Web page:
Photo/Illutration Prime Minister Shinzo Abe arrives at the prime minister’s office on April 6. (Takeshi Iwashita)

Prime Minister Shinzo Abe said he will declare a state of emergency over the COVID-19 pandemic as early as April 7, targeting Tokyo and other urban areas that are seeing sharp increases in infections.

The government plans to declare a monthlong state of emergency for Tokyo and six prefectures, Abe told a meeting of senior officials of the ruling Liberal Democratic Party on April 6, sources said.

The six prefectures are Saitama, Chiba, Kanagawa, Osaka, Hyogo and Fukuoka.

The government’s task force on containing the spread of the novel coronavirus was to meet on the evening of April 6 to formally prepare the declaration.

Abe is expected to consult experts at an advisory meeting the following day and then proclaim a state of emergency for the prefectures, the sources said.

He has informed the Tokyo metropolitan government about the decision, the sources said.

The Diet in March enacted a revised special measures law to give the central government a freer hand in dealing with the outbreak.

A state of emergency can be issued only in a situation where “there is a risk of causing extremely serious damage to the lives and health of the public” and “the disease spreads so rapidly and throughout the nation that it has a tremendous impact on the daily lives of its citizens and economy.”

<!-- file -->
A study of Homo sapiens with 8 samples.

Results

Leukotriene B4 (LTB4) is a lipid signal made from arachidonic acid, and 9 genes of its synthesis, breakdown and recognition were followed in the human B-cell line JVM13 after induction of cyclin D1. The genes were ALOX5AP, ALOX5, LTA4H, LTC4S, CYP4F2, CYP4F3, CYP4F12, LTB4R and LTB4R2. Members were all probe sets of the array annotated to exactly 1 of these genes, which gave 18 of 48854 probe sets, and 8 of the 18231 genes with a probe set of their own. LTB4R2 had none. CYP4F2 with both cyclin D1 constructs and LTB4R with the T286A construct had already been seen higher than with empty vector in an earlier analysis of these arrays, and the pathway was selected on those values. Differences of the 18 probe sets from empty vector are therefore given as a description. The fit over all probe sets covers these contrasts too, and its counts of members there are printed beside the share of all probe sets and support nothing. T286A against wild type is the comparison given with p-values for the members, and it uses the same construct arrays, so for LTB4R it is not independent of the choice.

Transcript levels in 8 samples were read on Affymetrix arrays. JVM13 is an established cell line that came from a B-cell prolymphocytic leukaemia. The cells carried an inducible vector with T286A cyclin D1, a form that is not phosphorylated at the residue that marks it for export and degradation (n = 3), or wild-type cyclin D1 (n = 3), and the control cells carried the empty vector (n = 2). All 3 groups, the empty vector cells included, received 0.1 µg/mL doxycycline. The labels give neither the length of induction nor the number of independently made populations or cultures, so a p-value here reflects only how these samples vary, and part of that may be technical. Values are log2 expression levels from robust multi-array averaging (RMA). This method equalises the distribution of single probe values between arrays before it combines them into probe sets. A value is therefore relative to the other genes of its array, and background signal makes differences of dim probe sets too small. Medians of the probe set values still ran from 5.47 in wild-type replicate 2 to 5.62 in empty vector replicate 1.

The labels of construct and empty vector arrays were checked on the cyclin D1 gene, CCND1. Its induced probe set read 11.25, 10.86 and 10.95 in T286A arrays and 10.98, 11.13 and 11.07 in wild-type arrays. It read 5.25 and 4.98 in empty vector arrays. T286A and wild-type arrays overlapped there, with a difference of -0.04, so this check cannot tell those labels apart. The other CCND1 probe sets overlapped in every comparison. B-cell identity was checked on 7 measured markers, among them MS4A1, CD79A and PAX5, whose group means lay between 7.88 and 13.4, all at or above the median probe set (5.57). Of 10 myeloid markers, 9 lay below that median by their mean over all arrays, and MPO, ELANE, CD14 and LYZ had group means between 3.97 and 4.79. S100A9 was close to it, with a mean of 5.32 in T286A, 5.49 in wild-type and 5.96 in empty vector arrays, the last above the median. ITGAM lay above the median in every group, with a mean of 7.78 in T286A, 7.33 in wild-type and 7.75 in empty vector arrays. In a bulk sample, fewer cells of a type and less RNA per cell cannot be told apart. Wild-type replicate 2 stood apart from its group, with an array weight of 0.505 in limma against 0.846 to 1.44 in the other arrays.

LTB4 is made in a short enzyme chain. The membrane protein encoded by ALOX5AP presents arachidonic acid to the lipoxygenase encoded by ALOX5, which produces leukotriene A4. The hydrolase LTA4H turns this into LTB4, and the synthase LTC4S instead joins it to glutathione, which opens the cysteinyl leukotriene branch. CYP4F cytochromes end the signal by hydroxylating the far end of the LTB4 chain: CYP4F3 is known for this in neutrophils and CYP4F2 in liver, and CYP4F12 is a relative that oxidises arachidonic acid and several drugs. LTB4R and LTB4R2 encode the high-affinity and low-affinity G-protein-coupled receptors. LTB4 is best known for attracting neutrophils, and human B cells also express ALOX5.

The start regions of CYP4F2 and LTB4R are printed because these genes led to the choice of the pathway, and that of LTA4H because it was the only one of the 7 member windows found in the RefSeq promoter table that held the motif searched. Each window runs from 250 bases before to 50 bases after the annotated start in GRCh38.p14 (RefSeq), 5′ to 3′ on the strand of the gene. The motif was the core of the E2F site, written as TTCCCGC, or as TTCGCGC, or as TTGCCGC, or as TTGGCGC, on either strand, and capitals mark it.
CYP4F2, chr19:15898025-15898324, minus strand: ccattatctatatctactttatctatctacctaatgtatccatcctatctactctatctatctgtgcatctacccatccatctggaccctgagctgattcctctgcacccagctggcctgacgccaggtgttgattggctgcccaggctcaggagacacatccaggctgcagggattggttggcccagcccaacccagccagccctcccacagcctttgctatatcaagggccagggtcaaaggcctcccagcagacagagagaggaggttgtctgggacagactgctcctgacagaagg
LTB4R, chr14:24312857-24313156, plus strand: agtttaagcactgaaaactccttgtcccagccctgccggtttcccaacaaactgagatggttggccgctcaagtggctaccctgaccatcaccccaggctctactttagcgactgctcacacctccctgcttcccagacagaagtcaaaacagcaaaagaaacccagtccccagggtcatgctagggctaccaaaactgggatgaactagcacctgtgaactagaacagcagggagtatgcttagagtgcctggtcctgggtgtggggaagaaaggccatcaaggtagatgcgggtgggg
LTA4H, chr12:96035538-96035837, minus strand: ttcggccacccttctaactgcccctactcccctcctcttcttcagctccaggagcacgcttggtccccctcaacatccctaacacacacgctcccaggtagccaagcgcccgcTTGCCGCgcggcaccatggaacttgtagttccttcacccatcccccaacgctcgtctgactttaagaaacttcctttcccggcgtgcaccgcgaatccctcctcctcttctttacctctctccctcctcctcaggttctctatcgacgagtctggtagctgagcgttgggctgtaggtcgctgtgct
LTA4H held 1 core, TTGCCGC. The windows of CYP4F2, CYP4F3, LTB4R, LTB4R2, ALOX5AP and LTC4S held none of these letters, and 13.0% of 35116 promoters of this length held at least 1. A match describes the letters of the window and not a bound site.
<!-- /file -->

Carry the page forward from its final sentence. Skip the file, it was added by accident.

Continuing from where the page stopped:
“It is a highly charged situation because the number of patients keeps increasing with the infection routes unknown,” Yasutoshi Nishimura, the minister in charge of economic revitalization, who is handling the government’s responses to the pandemic, said at a Lower House committee meeting on April 6.

Under the revised law, a state of emergency can be declared by the prime minister as the leader of the government’s task force headquarters. Abe will specify the period of implementation and name the prefectures targeted.

But the governors of the prefectures named have the authority to impose actual measures.

Once a governor concludes that such measures are necessary to prevent the spread of the virus, she or he can take actions that restrict the private rights of residents.

These measures include requesting residents to avoid going out for nonessential purposes, suspending the use of a facility, and asking organizers to cancel events.

A governor can restrict the use of these and other facilities: schools, theaters, department stores, gymnasiums and hotels.

Supermarkets are included on the list, but floors selling commodities deemed essential by the health ministry, such as food, medicine, hygiene products and fuel, can stay open for business.

The central government may set up different measures for each governor to take, depending on the level of spread of the virus in their prefectures.

Such requests and orders from governors are not legally binding, however.

In addition, the measures are not the equivalent of “city-wide lockdowns” that have been imposed in other countries, where violators of, for example, curfews can be punished.

The revised law in Japan has no clause that forcibly prohibits residents from going out. The law cannot suspend public transportation operations, either.

Abe himself has stated a city-wide lockdown is “impossible to do” in Japan.